Neurogenic bladder dysfunction following spinal cord injury is a major medical and social problem for which there is no ideal treatment strategy. This paper describes the authors' attempts to establish bladder reinnervation, by establishing an abdomen-to-bladder reflex pathway, in a patient with an injury to the conus medullaris.
Haodong Lin, Chunlin Hou and Aimin Chen
Haodong Lin, Aimin Chen and Chunlin Hou
Nerve transfer is used for brachial plexus injuries but has rarely been applied to repairs in the lower extremities. The aim of this study was to evaluate the feasibility and effectiveness of using the contralateral L-6 nerve root to repair lumbosacral plexus root avulsions.
Eighteen rhesus monkeys were randomized into 3 groups. In the experimental group, the left L4–7 and S-1 nerve roots were avulsed and the right L-6 nerve root was transferred to the left inferior gluteal nerve and the sciatic nerve branch innervating the hamstrings. In the control group, the left L4–7 and S-1 nerve roots were avulsed and nerve transfer was not performed. In the sham operation group, the animals underwent a procedure that did not involve nerve avulsion and nerve transfer. Functional outcomes were measured by electrophysiological study, muscle mass investigation, and histological study.
The mean amplitudes of the compound muscle action potentials from the gluteus maximus and biceps femoris in the experimental group were higher than those in the control group but lower than those in the sham group (p < 0.05). The muscle mass and myofiber cross-sectional area of these muscles were heavier and larger than those in the control group (p < 0.05). The number of myelinated nerve fibers of the inferior gluteal nerve and the branch of the sciatic nerve innervating the hamstrings in the control group was significantly smaller than the number in the experimental and sham groups (p < 0.01).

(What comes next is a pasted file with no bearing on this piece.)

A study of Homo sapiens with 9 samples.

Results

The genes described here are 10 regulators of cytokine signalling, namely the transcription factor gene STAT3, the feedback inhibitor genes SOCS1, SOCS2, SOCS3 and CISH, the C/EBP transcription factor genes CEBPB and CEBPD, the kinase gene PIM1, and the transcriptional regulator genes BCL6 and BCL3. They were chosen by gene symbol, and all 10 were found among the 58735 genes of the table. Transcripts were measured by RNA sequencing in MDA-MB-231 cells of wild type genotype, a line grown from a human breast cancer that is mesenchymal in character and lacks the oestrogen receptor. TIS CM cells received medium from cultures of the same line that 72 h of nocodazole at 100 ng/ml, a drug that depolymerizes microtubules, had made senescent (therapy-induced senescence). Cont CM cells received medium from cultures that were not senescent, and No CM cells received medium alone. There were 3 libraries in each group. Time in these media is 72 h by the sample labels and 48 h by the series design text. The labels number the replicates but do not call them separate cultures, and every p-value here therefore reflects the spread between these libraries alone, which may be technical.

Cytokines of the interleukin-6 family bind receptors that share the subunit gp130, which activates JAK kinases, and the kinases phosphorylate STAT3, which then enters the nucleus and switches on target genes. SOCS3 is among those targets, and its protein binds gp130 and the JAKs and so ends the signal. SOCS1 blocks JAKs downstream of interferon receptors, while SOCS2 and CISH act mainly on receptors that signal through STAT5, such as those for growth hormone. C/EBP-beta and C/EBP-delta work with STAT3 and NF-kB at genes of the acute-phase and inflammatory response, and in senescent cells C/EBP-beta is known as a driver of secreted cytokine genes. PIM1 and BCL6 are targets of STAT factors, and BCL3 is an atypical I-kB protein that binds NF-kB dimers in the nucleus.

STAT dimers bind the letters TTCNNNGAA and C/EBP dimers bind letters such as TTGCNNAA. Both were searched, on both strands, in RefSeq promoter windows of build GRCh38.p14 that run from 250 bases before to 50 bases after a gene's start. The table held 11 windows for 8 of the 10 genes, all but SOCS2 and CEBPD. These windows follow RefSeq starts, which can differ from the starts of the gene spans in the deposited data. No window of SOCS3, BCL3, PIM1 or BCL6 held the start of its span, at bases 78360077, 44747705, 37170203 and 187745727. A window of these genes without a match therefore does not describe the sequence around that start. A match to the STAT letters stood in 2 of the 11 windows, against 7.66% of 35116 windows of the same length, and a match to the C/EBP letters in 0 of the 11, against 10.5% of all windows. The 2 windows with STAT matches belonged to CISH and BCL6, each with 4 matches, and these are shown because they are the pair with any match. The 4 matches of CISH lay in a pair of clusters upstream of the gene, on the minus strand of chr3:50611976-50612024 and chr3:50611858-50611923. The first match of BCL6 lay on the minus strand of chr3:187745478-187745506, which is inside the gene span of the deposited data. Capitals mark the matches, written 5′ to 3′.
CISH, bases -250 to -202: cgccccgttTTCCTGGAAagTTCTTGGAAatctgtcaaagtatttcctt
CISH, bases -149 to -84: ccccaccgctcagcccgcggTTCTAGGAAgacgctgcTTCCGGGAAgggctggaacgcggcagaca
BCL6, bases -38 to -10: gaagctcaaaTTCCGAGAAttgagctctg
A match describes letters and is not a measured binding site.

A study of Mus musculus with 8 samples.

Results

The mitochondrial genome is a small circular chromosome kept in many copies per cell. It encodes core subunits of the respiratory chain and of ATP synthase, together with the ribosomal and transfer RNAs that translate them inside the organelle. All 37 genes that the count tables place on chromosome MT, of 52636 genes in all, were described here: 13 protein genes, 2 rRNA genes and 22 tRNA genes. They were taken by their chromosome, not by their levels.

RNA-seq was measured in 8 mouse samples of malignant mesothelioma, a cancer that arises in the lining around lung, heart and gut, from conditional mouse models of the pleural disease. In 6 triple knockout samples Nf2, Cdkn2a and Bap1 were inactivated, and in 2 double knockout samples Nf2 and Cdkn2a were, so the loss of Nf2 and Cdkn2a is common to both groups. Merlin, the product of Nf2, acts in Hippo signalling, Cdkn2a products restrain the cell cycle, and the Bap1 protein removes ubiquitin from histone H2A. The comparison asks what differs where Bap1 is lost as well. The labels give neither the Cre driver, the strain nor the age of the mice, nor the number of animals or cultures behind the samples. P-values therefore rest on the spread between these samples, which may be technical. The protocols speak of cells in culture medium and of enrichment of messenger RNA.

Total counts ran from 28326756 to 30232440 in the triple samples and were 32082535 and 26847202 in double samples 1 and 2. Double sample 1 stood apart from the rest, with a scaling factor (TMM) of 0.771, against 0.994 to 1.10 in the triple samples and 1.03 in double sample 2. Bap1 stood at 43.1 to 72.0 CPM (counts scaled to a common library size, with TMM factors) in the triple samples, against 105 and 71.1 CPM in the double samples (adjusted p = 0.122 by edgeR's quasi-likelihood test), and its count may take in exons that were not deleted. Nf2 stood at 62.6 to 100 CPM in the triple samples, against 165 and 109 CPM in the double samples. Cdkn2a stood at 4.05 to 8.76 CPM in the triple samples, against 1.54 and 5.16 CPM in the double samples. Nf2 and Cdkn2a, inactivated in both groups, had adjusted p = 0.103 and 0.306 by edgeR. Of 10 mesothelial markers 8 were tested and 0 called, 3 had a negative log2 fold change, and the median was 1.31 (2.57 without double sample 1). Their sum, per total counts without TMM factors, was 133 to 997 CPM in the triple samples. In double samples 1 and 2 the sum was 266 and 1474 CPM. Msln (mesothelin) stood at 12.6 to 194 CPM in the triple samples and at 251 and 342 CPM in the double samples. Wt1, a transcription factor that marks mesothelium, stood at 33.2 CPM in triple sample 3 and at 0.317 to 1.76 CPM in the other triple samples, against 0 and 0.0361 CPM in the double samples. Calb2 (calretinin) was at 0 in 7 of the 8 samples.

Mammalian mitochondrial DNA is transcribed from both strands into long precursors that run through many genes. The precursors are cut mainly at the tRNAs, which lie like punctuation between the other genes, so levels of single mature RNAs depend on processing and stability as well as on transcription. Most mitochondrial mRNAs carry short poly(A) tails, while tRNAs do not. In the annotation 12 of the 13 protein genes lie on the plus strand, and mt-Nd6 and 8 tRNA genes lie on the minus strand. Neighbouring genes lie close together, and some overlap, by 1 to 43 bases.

In this animal model, the contralateral L-6 (analogous to S-1 in humans) nerve root can be used to repair lumbosacral plexus root avulsion.
Haodong Lin, Chunlin Hou, Aimin Chen and Zhen Xu
Hand function is severely impaired in cases of lower root avulsion. In the present study, the authors investigated the clinical effectiveness and safety of phrenic nerve transfer to the posterior division of the lower trunk of the brachial plexus to recover thumb and finger extension.
Between 2004 and 2006, 10 patients with brachial plexus palsy underwent phrenic nerve transfer as part of a strategy for surgical reconstruction of their plexuses. The mean patient age of was 27.2 years (range 18–44 years), and the mean interval from injury to surgery was 5.7 months (range 3–9 months). The phrenic nerve was always transferred to the posterior division of the lower trunk.
The follow-up of the patients ranged from 2.5 to 4.4 years, with an average follow-up length of 3.5 years. There were no major complications related to the surgery. Eight patients recovered to Grade 3 or better (Medical Research Council grade) in extensor digitorum strength, and 7 patients recovered to Grade 3 or better in extensor pollicis strength. None of the patients had any clinical signs or symptoms of respiratory insufficiency.
Satisfactory thumb and finger extension can be achieved by phrenic nerve transfer to the posterior division of the lower trunk of the brachial plexus. This procedure is simple and less traumatic than that of transferring the phrenic nerve to the radial nerve. It is indicated in cases in which the brachial plexus is relatively intact at the division level.